I’ve got a lot of irons in the fire, and sometimes I wonder if I would be better served by just focusing on one thing, devoting my life to the pursuit of perfection of that one true passion, skill, or idea. Then I remember that I’m me, and if I’m not running in ten different directions at once, I get bored, unproductive, and restless, so a single pursuit would probably drive me mad.
I started thinking about all the great writers, inventors, composers, and innovators, and thinking that they were successful because they had a single pursuit in life. But, I think this is the wrong way to think about them, at least in the sense that “putting notes on a page” or “combining chemicals in a test tube” was their life’s work. Rather, their single pursuit was to explore all that their craft had to offer. You see composers invent new rules to write music, Edisons and Einsteins failing and failing and failing, until one day, they discover the invention of the century, or the equation that shapes modern math. These people weren’t about one small aspect of their skill set, they were about the depths of what their skills could produce.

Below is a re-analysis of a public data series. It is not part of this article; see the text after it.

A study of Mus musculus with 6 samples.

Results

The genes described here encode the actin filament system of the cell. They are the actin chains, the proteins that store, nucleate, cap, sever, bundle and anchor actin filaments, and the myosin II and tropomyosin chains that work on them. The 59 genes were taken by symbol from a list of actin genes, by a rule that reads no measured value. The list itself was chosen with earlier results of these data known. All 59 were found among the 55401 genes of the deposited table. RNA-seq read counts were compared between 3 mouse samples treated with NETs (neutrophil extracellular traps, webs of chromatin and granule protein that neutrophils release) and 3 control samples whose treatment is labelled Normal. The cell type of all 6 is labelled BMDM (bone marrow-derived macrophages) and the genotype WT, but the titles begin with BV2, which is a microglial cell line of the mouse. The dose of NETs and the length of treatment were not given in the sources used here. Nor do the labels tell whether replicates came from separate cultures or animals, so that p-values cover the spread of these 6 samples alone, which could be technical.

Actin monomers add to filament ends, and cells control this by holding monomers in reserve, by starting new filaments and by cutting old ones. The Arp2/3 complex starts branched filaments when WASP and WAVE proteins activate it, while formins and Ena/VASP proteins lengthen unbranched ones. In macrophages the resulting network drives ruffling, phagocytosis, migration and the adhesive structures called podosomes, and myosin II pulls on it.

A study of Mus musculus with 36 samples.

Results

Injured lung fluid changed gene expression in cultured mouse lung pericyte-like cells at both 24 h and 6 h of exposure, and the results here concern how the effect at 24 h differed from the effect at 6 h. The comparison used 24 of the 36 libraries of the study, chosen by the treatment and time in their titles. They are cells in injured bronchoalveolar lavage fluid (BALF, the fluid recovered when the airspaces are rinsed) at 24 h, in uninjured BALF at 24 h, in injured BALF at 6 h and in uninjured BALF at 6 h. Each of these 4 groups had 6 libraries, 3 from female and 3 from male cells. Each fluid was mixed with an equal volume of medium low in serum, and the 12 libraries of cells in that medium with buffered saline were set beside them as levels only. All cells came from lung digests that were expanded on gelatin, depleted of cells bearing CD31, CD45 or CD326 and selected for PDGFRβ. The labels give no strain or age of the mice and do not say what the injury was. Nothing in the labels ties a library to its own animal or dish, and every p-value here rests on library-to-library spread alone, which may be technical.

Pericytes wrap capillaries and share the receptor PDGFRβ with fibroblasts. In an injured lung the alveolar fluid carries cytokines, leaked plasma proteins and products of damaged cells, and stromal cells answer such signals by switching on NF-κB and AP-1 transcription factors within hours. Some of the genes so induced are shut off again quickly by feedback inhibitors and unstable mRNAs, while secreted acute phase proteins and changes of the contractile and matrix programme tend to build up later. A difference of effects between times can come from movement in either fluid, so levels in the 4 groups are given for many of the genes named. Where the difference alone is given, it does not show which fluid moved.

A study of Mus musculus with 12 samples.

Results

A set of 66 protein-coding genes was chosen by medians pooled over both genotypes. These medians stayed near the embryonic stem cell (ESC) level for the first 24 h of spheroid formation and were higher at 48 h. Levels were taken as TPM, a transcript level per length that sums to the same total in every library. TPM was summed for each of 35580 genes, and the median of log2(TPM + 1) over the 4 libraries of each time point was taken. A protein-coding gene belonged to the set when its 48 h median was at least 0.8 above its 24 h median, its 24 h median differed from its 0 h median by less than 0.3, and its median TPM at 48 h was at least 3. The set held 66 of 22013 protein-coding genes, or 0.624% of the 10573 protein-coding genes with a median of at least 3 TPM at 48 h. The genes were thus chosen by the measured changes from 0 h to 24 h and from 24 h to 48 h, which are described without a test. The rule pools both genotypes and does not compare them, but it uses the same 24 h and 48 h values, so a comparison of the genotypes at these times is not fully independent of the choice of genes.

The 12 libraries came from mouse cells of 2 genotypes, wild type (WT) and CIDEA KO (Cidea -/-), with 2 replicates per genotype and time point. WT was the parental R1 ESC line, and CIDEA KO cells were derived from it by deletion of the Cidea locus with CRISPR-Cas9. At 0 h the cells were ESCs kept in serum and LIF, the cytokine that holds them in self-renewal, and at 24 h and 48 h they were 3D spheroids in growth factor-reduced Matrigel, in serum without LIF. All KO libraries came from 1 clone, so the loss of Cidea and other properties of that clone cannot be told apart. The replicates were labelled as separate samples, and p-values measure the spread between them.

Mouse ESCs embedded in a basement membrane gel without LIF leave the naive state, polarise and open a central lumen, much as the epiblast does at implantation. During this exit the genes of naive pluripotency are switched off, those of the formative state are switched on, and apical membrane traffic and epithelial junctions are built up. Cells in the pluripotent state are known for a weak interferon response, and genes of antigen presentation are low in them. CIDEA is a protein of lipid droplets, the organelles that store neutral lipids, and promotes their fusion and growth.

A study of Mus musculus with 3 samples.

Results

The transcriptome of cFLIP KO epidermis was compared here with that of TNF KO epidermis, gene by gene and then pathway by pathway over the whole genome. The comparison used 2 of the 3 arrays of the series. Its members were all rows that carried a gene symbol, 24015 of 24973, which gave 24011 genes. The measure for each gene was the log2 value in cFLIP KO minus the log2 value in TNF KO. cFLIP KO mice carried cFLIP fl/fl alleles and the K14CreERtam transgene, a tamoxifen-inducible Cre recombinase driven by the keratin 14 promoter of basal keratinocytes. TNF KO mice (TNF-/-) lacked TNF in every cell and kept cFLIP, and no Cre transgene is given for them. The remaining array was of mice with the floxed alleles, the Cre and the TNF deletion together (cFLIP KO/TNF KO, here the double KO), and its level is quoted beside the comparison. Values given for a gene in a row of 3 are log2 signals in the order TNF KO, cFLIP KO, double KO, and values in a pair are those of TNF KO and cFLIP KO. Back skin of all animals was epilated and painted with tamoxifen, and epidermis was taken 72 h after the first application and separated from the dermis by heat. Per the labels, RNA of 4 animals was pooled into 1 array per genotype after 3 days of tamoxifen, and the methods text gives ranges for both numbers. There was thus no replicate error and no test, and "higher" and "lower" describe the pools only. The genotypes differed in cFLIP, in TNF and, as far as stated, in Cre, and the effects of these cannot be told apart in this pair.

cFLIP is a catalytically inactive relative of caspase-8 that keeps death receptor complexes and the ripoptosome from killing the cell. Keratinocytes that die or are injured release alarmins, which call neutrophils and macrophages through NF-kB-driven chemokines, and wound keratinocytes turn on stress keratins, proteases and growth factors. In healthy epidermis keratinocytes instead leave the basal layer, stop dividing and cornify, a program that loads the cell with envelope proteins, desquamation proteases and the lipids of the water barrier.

It’s probably time for me to re-read the Medici Effect, as I’ve been hitting a mental wall lately. The book talks about allowing time to fail, and allowing people in organizations to make mistakes. Basically, just keep producing and learning from your failures until you produce something worthwhile. Everyone thinks there’s some kind of genius or magic to being great, but I think the most influential producers just took so many shots that they were bound to make one of them. I think sometimes I’m so worried about meticulously crafting the most strategic approach to a successful life, that I forget to be prolific. I forget to take time to expand my skills, I don’t allow time to fail for the purpose of learning, and I don’t open my mind to the possibilities and creativity that the world offers. I feel like I’m being prolific by constantly being busy, but production and busyness aren’t the same thing. Sometimes you have to be still in your body and your schedule to let your mind be busy.
So, here’s to being prolific with a purpose. Here’s to intentional stillness and thought, not just busyness to pretend like you’ve accomplished something that day. And, here’s to breaking through the wall!